The ‘Dead Reckoning: Memories of the Bangladesh War’ brings truth to light
Sarmila Bose, a granddaughter of Sarat Chandar Bose, a famous Indian nationalist leader and a brother of Subash Chandar Bose is a senior Research Fellow in the politics of South Asia at the University of Oxford. She has been a political journalist in India and combines academic and media work.
Sarmila has written a remarkable and unique book entitled ‘Dead Reckoning: Memories of the Bangladesh War’. Commenting on the book, a renowned scholar Stephen Cohen writes:
‘Combining rigorous scholarship and a passionate interest in setting the record straight, ‘Dead Reckoning’ is the finest study yet of the social, cultural and political meaning of the 1971 East Pakistan/Bangladesh war. Sarmila Bose writes in the service of the truth. We are in her debt.’
Sarmila extensively travelled to Bangladesh, visited the areas and sites affected by war, met eyewitnesses who let their hearts out to her. She also interviewed civil and military officials of Pakistan, India and Bangladesh who had performed duties in the battlefield during the 1971 Pakistan’ “India war. Having access to the official records of Pakistan, India, Bangladesh, UK and US governments, she worked diligently to bring the truth and reality to light.
No excerpt from the book is reproduced here owing to copyrights held by the Oxford University Press. However, the instant article endeavours to narrate the facts of the 1971 War. Both Maj. Gen. Hakeem Abdul Qureshi (Pakistan Army) and Mr Archer Blood, the then US Consul General in Dhaka had narrated the nature and temperament of the Bengalis in their books.
‘The Bengalis are a very cultured people. As an agitated group, however, they are like a swarm of honey bees ‘when disturbed, they go on to rampage without distinguishing between the culprit and the innocent and when excited, seem not to care even for their own safety. Hundred of Bengalis were rushing from their shops, and offices shouting and screaming to what was obviously display of anger.’
It is believed that General Yahya Khan was at the helm and hence responsible of launching military action to crush Bengalis. This is an established fact that Yahya had no personal grudge or prejudice against Bengalis. He was sympathetic to their economic grievances and he had enhanced the Bengali representation in the Army and Civil Service. He also gave them the right of ‘One Man, One Vote’ and established their political supremacy. Yahya tried his best to be simpatico with Mujeeb, even he declared him the Prime Minister of Pakistan. Therefore, it is not fair to allege that he ordered the Army to kill 3 million Bengalis and rape 200,000 to 400,000 women. This is still a myth and lacks substantial evidence.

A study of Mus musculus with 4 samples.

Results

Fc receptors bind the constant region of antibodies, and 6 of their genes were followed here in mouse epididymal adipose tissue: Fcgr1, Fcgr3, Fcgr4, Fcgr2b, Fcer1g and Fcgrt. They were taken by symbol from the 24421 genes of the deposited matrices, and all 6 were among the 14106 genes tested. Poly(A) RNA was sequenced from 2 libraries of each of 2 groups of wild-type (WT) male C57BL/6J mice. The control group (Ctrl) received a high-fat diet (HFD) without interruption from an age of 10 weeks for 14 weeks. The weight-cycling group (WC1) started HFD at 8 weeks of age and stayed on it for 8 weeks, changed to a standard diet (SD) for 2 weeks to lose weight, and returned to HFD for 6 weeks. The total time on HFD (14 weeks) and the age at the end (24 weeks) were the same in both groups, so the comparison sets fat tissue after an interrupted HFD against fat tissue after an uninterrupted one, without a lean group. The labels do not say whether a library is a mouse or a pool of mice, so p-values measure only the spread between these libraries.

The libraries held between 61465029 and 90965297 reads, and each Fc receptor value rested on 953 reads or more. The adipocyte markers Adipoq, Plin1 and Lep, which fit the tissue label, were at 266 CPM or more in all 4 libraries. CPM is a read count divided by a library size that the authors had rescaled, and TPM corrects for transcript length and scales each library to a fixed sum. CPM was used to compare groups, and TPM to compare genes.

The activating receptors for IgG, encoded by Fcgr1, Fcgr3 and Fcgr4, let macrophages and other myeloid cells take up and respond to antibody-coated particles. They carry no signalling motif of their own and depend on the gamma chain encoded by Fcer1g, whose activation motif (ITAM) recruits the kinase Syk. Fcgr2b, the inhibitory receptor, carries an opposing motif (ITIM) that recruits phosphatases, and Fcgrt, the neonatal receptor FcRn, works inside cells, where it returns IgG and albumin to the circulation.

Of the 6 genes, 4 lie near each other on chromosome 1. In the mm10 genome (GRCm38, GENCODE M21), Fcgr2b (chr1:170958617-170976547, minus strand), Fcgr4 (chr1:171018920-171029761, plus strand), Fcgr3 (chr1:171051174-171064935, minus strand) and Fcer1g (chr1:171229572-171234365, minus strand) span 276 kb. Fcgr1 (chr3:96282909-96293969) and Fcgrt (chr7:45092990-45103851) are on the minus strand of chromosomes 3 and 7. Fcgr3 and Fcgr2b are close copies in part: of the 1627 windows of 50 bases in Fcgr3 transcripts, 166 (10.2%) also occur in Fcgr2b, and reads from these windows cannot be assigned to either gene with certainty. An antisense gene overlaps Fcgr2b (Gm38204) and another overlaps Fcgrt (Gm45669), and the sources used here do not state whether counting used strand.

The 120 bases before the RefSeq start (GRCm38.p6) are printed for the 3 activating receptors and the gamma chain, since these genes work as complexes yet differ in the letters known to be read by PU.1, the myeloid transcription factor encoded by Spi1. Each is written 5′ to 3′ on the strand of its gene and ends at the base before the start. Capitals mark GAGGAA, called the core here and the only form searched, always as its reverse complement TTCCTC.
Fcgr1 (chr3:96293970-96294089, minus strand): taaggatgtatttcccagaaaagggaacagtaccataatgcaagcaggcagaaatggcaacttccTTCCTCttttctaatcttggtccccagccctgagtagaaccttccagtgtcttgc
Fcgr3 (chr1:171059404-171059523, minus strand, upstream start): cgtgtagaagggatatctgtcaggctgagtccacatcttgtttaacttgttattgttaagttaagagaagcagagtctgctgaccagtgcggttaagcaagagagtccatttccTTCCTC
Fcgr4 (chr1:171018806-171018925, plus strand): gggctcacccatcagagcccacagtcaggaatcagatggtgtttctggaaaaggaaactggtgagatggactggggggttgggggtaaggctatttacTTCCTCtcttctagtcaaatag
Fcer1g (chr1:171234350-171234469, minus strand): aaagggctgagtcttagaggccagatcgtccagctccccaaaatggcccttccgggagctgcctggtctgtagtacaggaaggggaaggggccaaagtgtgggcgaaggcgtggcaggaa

Sarmila questions that when Mujeeb was released from West Pakistan, he gave a statement at Dhaka Airport that 3 million Bengalis were annihilated by Pakistan Army and almost 400,000 women were raped, how everyone accepted his claim without confirmation?
Media also projected these fake figures. Sarmila has advised not to quote these figures unless proved. The Joydevpur incident of March 19 is described in Bengali literature as unprovoked firing by Army on civilians. Contrarily, it was done by armed mob of Bengali Youth, yet the blame transferred to Pak Army. In an air attack on Dhaka, for which Pakistan Air Force was blamed, nearly three hundred orphans were killed. However, the fact remains that Indian Air Force destroyed Dhaka Airport. Why Pakistan Army would attack Dhaka that was being defended by it?
In Hamood-ur-Rehman Commission report, it is concluded that Pakistan Army was embroiled in civil war and was defending the country. Even if the army had not been facing this turmoil, it was impossible to kill three million Bengalis and rape 400,000 women in nine months. In one incident, a Bengali leader informed USA that 1,000 Bengalis were killed but they could only show twenty graves. Given these circumstances, the claim is absolutely absurd and flimsy.
Sarmila concludes that from the evidence available, it can be said with reasonable confidence that 50000-100000 people, both Bengalis and non-Bengalis, would have been killed. The claims of raping and killing women are also still in want of a substantial evidence.
On the other hand, the figure of 90,000 prisoners of war, as often quoted in the books, is also incredulous. The media accepted Bhutto’s claim that he brought ninety thousand POWs from India with grace and dignity. According to GHQ record, the total fighting force in East Pakistan numbered 34000 and civilian officers (Police, Security) were 11,000, hence 45000 personnel became POWs.
Sarmila asserts that Mukti Bahini guerrillas were trained by Indian Army while Al-Shams and Al-Badr were patronized by Pakistan Army. Both parties were involved in killings.
Sarmila also denounces the Bengalis’ claim that 1970 Elections were a referendum for secession. Mujeeb didn’t mention in his election speeches that Bengalis would demand independence. The turnout in East Pakistan (56%) was lower than Punjab (66%) and Sindh (58%) but higher than NWFP (now Khyber Pakhtunkhwa) (47%). Among the 56% voters, only 42% voted for Awami League. 42% vote cannot be termed a vote for secession as 58% voters did not vote for Mujeeb. Most Bengalis did not see Mujeeb as a solution to their problems.
In conclusion, it is pertinent to say that Sarmila Bose has separated the myths from realities based on solid evidence. Pakistanis are indebted to Sarmila Bose for correcting the record of History of Pakistan-India war of 1970.